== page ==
Millennials need a Netflix-type wealth management advice


In the next 25 years, an estimated $100 trillion of wealth will change hands from the older generation to the younger. The bulk of this inheritance will go to millennials, those aged between 25 and 40 years today.

Millennials comprise 25 percent of the global population, make up the majority of today’s workforce, and will reach its demographic peak in 2025 on a global scale. With their combined annual income crossing $8 trillion in the US alone, they will have a dominant influence on consumption, investment, and wealth management.

Rise of the ‘millionials’

The concept of wealth management has been around since the 1930s. Yet, no one generation has changed this industry’s dynamics as much as the millennials.

Worldwide net private wealth is estimated to be close to $500 trillion, and an increasing proportion of this wealth will be owned by adults under 40 in the coming years. Adults who are tech-savvy, inquisitive, risk-seeking, socially aware, and generally considered more independent and tolerant.

Millennials grew up in the digital era, making technology an integral part of their lives and a strong influence in their decision-making. Compared to their parents, they have better financial literacy and are more sensitive towards issues pertaining to the environment, climate change, gender parity, and inclusivity.

Keeping these characteristics in view, wealth managers will have to overhaul their operating models to support new product offerings, modes of engagement, and marketing channels to serve this younger generation better.

Unlike previous generations, millennials readily embrace new and innovative ways of managing finances. They actively seek information and resources to educate themselves and do not just rely on external advice.

Having witnessed a plunge in property prices during the subprime mortgage crisis of 2008, they mindfully choose to keep their financial liabilities low. This gives them the bandwidth and flexibility to take higher risks and invest in various traditional and non-traditional investment avenues.

Demanding clients, different themes

A recent research shows that millennials are one of the most complex, important, and demanding groups of clients for wealth managers to understand and serve. The good news for wealth managers is that millennials are more open than their parents to sharing their transactional data, social media profiles, and even GPS locations with providers in exchange for greater personalization.

Despite their comfort with digital channels, millennials also value the ability to discuss matters with an advisor, whether virtually or in person.

New themes are emerging. The sharing economy, the climate emergency, and inequalities are on the compasses of the younger generation. While yield remains a cardinal point, asset allocation also depends on the values promoted by companies. Hence the rise of green finance products and sustainable investments based on extra-financial criteria like ESG (Environmental, Social, and Governance).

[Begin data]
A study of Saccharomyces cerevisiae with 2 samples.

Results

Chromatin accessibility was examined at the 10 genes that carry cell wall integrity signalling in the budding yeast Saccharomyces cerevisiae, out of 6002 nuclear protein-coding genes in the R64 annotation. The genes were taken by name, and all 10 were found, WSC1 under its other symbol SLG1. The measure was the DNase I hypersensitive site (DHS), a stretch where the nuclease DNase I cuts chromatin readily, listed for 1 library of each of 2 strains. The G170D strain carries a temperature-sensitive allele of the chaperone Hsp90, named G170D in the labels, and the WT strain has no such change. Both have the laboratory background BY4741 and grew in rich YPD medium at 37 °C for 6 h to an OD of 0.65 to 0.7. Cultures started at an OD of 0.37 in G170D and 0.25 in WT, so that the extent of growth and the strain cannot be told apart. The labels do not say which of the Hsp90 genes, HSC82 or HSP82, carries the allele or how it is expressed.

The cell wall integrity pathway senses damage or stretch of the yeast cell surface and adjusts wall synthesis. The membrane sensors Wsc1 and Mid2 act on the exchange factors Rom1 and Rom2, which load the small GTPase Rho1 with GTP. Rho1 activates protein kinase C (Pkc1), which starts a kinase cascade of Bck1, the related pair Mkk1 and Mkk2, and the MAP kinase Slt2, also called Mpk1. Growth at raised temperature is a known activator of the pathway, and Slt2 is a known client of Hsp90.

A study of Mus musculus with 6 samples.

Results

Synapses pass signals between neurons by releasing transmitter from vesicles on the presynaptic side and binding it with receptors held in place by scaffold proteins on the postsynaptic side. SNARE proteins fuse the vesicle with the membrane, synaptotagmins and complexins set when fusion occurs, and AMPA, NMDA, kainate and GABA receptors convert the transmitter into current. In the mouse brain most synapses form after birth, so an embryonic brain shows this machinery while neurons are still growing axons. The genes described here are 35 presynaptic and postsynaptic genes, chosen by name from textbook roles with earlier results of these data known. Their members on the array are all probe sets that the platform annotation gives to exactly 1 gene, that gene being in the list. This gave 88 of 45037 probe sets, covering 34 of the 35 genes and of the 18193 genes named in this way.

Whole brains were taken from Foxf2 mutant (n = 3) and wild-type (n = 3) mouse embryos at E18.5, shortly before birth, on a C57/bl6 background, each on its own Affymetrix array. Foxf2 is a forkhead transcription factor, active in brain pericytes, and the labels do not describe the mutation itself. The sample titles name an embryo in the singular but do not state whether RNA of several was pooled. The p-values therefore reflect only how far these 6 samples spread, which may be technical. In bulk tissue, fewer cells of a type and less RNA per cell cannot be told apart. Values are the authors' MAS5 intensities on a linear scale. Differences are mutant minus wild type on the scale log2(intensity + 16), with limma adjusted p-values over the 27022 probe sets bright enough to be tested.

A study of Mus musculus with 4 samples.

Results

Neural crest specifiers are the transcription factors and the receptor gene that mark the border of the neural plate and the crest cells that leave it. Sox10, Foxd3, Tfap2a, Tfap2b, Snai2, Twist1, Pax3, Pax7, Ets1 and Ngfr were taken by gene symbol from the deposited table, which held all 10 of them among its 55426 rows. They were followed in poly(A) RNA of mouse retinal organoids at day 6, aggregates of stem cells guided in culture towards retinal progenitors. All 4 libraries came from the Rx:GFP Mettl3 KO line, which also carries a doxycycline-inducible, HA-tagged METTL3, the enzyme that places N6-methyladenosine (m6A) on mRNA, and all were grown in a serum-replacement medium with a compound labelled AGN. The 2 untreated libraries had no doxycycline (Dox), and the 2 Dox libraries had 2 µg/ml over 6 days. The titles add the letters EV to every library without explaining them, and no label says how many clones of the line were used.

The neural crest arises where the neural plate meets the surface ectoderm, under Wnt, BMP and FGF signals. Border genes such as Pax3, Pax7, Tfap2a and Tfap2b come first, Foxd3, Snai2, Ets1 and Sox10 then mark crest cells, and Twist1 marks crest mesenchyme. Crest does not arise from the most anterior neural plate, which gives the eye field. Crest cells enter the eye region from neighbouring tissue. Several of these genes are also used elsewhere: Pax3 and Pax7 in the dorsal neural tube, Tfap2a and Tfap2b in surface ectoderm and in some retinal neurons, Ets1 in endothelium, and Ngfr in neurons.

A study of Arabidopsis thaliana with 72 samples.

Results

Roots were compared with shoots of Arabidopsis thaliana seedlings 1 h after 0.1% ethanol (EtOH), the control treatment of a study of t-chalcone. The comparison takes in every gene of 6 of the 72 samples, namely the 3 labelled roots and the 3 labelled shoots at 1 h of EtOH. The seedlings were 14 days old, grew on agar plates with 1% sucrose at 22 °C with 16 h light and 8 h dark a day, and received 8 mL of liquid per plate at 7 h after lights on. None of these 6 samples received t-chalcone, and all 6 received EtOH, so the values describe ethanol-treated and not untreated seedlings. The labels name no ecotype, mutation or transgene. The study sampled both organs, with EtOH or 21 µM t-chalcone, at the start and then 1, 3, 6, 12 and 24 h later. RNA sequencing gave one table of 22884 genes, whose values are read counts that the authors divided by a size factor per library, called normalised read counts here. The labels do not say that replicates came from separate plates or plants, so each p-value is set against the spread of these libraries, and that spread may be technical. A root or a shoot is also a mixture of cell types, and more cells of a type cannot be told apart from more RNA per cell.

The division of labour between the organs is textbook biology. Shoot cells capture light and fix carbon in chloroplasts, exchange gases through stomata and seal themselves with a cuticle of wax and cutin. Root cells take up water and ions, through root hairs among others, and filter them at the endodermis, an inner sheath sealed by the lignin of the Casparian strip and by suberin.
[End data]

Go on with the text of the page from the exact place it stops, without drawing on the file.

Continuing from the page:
One size does not fit all

So, what is expected of wealth managers?

  • Millennials expect digitization at every touch point and demand personalized experiences. They do not prefer the one-size-fits-all approach for their wealth management services, and would want advice in a Netflix-style’ data-driven and hyper-personalized model.
  • Millennials are more open to taking risks than older generations and are willing to invest in speculative assets, such as cryptos, digital and alternative assets, for higher returns. A recent survey revealed that 46 per cent of millennial millionaires owned crypto-currencies.
  • Millennials prefer to be independent and self-reliant. Wealth managers have to harness technology to educate and guide their clients to make well-informed investment decisions rather than merely prescribing investment plans.
  • Finally, millennials take an active interest in ESG issues and proactively incorporate these philosophies into their investment decisions. It is estimated that 61 per cent of millennial investors currently participate in impact investing, and this share is likely to grow significantly.

As the Great Wealth Transfer takes effect, and about $1 trillion of wealth changes hands in the Middle East by 2030, wealth managers both regionally and globally have to prepare themselves to cater to a new and different cohort of wealthy individuals.

Image by: Pixabay


Global Chief Investment Officer
BNP Paribas Wealth Management

Edmund has over 29 years of experience in financial markets in a wide variety of positions, ranging from proprietary trading to portfolio manager in a number of financial institutions in London and Paris.  He previously held the role of Global Head of Equity and Derivative Strategy at BNP Paribas in London from 2015 to 2020, and has been Chief Investment Officer at BNP Paribas Wealth Management since November 2020.

Edmund is responsible for piloting our investment strategy and will continues to rollout out recommendations and themes with actionable advice that brings our expertise to our clients and support to our client-facing teams.  In this time of change, his expertise in following and anticipating markets is a true value added for both our customers and those at Wealth Management who serve them.

Edmund has a PhD in Cognitive and Computing Science from the University of Birmingham in the United Kingdom, and has done advanced studies in Knowledge-Based Systems and in Experimental Psychology.  He is an EFFAS-certified financial analyst. He has also authored the book “The Idle Investor” published by Harriman House in 2015, proposing 3 simple investment strategies that take only a few minutes to execute per month.